June 4, 2012 In the past any party who sought a liability assurance from the Minnesota Pollution Control Agency (MPCA) would be directed or encouraged by the MPCA to enter into Minnesota’s Voluntary Investigation and Cleanup (VIC) Program. The VIC Program is a fee-for-service program that is designed to review, comment and approve cleanup plans for sites affected by petroleum and non-petroleaum releases and to issue statutorily available liability assurances. Issuance of these liability assurances has facilitated the transfer of thousands of Minnesota properties that have been impacted by contamination.
Within the past few months the MPCA announced that it was changing its approach – in the future, the MPCA advised, parties who fit the definition of responsible parties under Minnesota’s Superfund law would be treated differently than persons who were acting voluntarily to redevelop property and who had no connection with a past release.
On Monday, June 4, 2012 the MPCA took a step to formalize this new approach to the handling contaminated sites. The MPCA publicly issued a revised Voluntary Remediation Programs Enrollment Application Form. The form, which can be found at http://www.pca.state.mn.us/index.php/view-document.html?gid=3347, indicates that parties not associated with past releases who are interested in redeveloping property may proceed through the standard voluntary cleanup process. In most cases a voluntary party applicant must complete a Phase I Environmental Site Assessment that satisfies the All Appropriate Inquiry standard and may request available liability assurances including a no association determination, a retroactive no association determination, a no further action letter, an off-site determination letter or a certificate of completion as provided for under the Minnesota Land Recycling Act. Minn. Stat. § 115B.175.
Parties who fit the definition of a “responsible party” under Minn. Stat. § 115B.03 also may cleanup sites voluntarily. However, these parties must enter into a Cooperative Cleanup Agreement (CCA) and are, according to the MPCA, no longer eligible for entry into the VIC Program. The MPCA describes the Cooperative Cleanup Assistance (CCA) option as follows:
“The MPCA has developed a Cooperative Cleanup Agreement (CCA) by which a cooperative Responsible Party (RP) and MPCA agree on shared expectations for a full and timely cleanup. The RP also agrees to reimburse the MPCA costs related to the site. If the RP complies with the executed CCA, the MPCA will not list the site on the MERLA Permanent List of Priorities, issue a MERLA Request for Response Action, refer the site to the U.S. Environmental Protection Agency, or pursue the other formal processes for compelling and overseeing the RP’s investigation and response. When the CCA cleanup is done, the RP can expect a formal letter from MPCA that no further cleanup is required (with reopeners for newly discovered conditions and risks). A RP is not eligible for the full set of assurances possible for a volunteer.”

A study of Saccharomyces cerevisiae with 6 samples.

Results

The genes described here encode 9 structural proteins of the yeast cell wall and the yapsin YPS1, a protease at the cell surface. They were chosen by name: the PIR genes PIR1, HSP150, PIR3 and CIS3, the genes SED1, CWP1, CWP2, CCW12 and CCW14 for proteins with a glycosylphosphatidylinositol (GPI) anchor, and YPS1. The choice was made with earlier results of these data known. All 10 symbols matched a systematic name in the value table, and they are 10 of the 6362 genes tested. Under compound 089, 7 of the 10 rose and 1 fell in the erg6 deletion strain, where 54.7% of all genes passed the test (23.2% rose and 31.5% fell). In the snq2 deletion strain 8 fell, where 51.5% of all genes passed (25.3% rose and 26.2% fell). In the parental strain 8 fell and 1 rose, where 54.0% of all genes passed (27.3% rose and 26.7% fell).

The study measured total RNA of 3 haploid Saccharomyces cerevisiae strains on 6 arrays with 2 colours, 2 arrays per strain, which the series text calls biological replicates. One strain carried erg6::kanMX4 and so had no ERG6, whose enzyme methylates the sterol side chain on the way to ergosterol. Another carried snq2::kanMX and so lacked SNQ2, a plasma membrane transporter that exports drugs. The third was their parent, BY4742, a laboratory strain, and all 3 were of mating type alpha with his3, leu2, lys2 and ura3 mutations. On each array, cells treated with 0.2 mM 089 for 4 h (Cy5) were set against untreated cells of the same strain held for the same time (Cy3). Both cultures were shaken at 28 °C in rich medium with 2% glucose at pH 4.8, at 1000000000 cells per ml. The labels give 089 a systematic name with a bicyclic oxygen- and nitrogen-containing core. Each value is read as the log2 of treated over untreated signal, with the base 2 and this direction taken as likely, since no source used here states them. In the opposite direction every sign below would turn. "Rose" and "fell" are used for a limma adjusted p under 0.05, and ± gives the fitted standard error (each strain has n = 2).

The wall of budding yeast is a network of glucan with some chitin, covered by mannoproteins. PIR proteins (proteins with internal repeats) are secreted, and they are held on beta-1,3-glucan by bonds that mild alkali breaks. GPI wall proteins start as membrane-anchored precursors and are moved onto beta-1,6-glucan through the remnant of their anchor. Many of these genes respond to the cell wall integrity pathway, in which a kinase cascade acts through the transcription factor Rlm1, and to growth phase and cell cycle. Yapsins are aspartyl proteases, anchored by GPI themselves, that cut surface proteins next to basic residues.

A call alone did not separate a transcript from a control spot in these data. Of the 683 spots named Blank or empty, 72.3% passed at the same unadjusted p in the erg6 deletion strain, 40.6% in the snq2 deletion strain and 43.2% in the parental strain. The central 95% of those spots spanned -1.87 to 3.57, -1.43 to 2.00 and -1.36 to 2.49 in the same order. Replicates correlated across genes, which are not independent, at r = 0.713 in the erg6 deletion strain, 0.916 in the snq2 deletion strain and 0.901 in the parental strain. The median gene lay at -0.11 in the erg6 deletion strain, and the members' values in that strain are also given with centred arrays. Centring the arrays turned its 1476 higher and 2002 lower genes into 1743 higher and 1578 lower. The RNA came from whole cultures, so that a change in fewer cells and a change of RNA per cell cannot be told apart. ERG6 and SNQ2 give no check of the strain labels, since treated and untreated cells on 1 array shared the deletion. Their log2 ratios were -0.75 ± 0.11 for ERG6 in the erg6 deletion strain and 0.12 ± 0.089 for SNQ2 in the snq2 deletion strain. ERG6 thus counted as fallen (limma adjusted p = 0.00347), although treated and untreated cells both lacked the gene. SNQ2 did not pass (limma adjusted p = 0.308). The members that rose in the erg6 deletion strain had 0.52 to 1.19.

As of this date, the MPCA has not released a copy of CCA that it proposes to enter into with parties deemed to be responsible parties.
The impact of the MPCA’s programmatic change on the cleanup of contaminated sites remains to be seen. One possible outcome is that faced with the uncertainty of the scope of cleanup obligations that may be required (and unknown costs associated with such an investigation and cleanup), responsible parties may in the future decline to voluntarily enter sites into the program.
It is unclear exactly how the MPCA will respond if responsible parties decline to participate or cannot agree to the terms proposed in a CCA. The MPCA could choose to use more formal processes under Minnesota’s Superfund law or make a referral to the EPA. As a practical matter, however, neither state or federal authorities have the resources to require cleanups across the State especially at those sites where the documented releases do not pose major public health or environmental concerns.
A glimpse as to how responsible party driven cleanups will be conducted in Minnesota may be become known as the MPCA negotiates with parties who had been conducting cleanups under the VIC Program. The MPCA has advised a number of parties with pending applications in the voluntary cleanup program that they are no longer eligible for participation and must instead enter into a CCA with the MPCA. As with any program change, the MPCA’s handling of these sites will provide useful guidance as to how future sites will be handled.
Environmental attorney Joseph Maternowski practices in the areas of Brownfields cleanup and assists clients who are involved in the redevelopment of contaminated property. Joe is involved with the all aspects of property transfer including the investigation of means to transfer liability for past contamination. For more information on Joe’s background and practice, please visit his You Tube site and watch two videos at: http://www.youtube.com/watch?v=p1Ybc9Acm8k and http://www.youtube.com/watch?v=bJTDvveG0jY.